Editor’s note: We recently hosted a webinar with content strategist Margot Bloomstein. If you didn’t get to join in, catch the high points below and find out how you can download the recording.
The key to successful marketing is having a content strategy that orients all of your activities and gives you direction. When you don’t have a well-crafted strategy to help you maintain a consistent user experience visually and verbally, across channels, it’s like being the captain of a ship without a rudder. Sure, you can still propel yourself forward, but it’s impossible to guide the ship toward your destination.
There are lots of different facets to a content strategy and one of the most important is your message architecture. As Margot described, it’s a hierarchy of communication goals that reflects a common vocabulary. Put another way, it’s simply an internal framework that you can use to define the most important things that you want to communicate through your company’s voice.
If we were to examine Apple’s message architecture, for example, it might look something like this:
- Confident but approachable; accessible
- Simple (minimal detail, streamlined, and anticipatory)
- Inviting and friendly (supporting but not fawning)
The bullets above communicate some of Apple’s most important defining characteristics. Apple translates these characteristics into all of their content, including their website, apps, products, interface design, and even the channels that they use to engage their audience.
Since content marketing isn’t just about what you say, but also how you say it, taking the time to develop your message architecture is crucial. Ultimately, you want to use your content to create the right user experience for your audience both verbally and visually. Defining your message architecture will give you a roadmap for creating a consistent and appropriate user experience in three main ways:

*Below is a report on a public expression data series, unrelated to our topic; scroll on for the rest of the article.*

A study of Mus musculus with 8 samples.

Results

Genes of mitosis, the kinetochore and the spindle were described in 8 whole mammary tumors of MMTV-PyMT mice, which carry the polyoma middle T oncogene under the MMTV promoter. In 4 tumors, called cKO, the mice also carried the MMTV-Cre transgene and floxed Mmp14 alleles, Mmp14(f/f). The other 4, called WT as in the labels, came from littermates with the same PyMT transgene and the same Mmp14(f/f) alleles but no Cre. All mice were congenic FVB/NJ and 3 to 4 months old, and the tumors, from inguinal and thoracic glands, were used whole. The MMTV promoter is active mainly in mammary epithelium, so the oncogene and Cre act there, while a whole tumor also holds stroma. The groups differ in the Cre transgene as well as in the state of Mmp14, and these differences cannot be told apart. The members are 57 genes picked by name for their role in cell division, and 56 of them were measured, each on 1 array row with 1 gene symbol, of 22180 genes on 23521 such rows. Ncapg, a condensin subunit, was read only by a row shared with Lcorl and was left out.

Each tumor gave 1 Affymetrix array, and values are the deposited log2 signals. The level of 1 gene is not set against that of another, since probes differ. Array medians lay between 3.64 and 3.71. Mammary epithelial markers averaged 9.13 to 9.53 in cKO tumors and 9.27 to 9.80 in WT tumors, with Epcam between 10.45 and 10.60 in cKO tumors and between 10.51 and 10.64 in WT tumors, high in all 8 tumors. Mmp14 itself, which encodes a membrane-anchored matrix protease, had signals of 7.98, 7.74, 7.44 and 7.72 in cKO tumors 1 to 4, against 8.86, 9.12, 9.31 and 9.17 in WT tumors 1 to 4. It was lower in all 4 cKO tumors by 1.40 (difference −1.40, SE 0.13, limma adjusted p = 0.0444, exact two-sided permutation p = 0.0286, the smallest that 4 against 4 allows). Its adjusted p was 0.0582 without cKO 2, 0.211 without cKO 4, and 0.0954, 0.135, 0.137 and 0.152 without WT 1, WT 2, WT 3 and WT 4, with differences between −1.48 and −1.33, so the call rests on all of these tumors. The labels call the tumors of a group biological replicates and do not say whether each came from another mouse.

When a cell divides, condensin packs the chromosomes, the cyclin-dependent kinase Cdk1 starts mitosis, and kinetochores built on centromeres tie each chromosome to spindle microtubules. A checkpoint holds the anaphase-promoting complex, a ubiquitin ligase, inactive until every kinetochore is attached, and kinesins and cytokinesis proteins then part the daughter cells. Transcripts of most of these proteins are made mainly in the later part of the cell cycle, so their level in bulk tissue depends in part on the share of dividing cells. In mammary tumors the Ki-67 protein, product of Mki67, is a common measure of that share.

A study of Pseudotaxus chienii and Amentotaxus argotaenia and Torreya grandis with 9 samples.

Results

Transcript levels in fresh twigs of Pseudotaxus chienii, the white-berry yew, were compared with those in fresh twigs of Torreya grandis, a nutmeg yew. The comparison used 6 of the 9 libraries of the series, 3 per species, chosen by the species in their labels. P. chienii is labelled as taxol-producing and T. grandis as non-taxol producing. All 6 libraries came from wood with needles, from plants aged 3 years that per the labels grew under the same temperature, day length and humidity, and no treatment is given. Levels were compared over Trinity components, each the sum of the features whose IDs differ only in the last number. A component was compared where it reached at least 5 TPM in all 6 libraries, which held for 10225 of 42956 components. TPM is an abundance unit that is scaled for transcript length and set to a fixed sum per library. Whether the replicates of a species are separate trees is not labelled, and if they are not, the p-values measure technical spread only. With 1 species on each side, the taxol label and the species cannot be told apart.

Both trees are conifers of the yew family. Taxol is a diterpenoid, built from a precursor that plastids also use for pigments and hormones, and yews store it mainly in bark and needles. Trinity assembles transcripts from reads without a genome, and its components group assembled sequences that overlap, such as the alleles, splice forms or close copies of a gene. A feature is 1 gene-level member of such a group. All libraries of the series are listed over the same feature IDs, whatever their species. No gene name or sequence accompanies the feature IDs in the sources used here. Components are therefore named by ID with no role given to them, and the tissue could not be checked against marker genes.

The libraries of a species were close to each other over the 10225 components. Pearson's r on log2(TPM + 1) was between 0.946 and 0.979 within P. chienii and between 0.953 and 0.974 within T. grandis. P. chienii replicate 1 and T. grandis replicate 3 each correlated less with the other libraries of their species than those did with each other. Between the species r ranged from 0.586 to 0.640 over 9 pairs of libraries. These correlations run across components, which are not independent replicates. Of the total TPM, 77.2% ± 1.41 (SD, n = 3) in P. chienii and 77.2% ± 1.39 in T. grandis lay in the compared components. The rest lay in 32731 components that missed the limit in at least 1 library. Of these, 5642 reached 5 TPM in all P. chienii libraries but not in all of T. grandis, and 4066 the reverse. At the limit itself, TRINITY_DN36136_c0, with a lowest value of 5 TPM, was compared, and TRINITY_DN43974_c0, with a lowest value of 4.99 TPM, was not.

- Through your content, by making you think about things like what nomenclature and calls to action you are going to use. It will also get you questioning what types of sentence structure, diction, and tone of voice are going to set the stage for the type of experience you are trying to create.
- Through your design, by making you consider the images that you use, the subject matter and styling of those images, the color of your backgrounds, your use of bold headlines and various line weights, and your choice of fonts, all of which contribute to the user’s visual experience of the content.
- Through your choice of features and content types, by making you determine the best formats for your content and any special capabilities that allow your audience to interact with it.
As your company’s voice emerges and is supported by content that reinforces it, you will be able to start differentiating your brand in the marketplace in a way that is far more tactical than, for example, trying to communicate your company’s vision, mission, and values, which are often more inspirational than actionable. After all, it’s not exactly clear how to communicate a nebulous idea like ‘excellence,’ which is so often counted among companies’ values.
So how do you establish your company’s message architecture? By engaging stakeholders in conversations to unpack marketing goals (see Content Strategy at Work for more information). After you’ve got a message architecture in place, what comes next?
- Start off by formalizing your voice by creating editorial guidelines around style and tone that document your use acronyms, contractions, and punctuation, as well as your use of active and passive voice, sentence length, and diction.
- Then work on translating your existing content to match the new guidelines. In the process, you might discover that you need to phase out certain types of content or introduce some new ones.
- Finally, figure out how all of this content fits into your editorial calendar so that people can plan for it appropriately. You may also find that you need to reallocate your budget to support it.
But before you do anything, you need to understand what you are trying to communicate and why. To find out more about the role of developing a message architecture in creating your content strategy and defining your company’s voice, check out Margot’s recent Webinar with Acrolinx.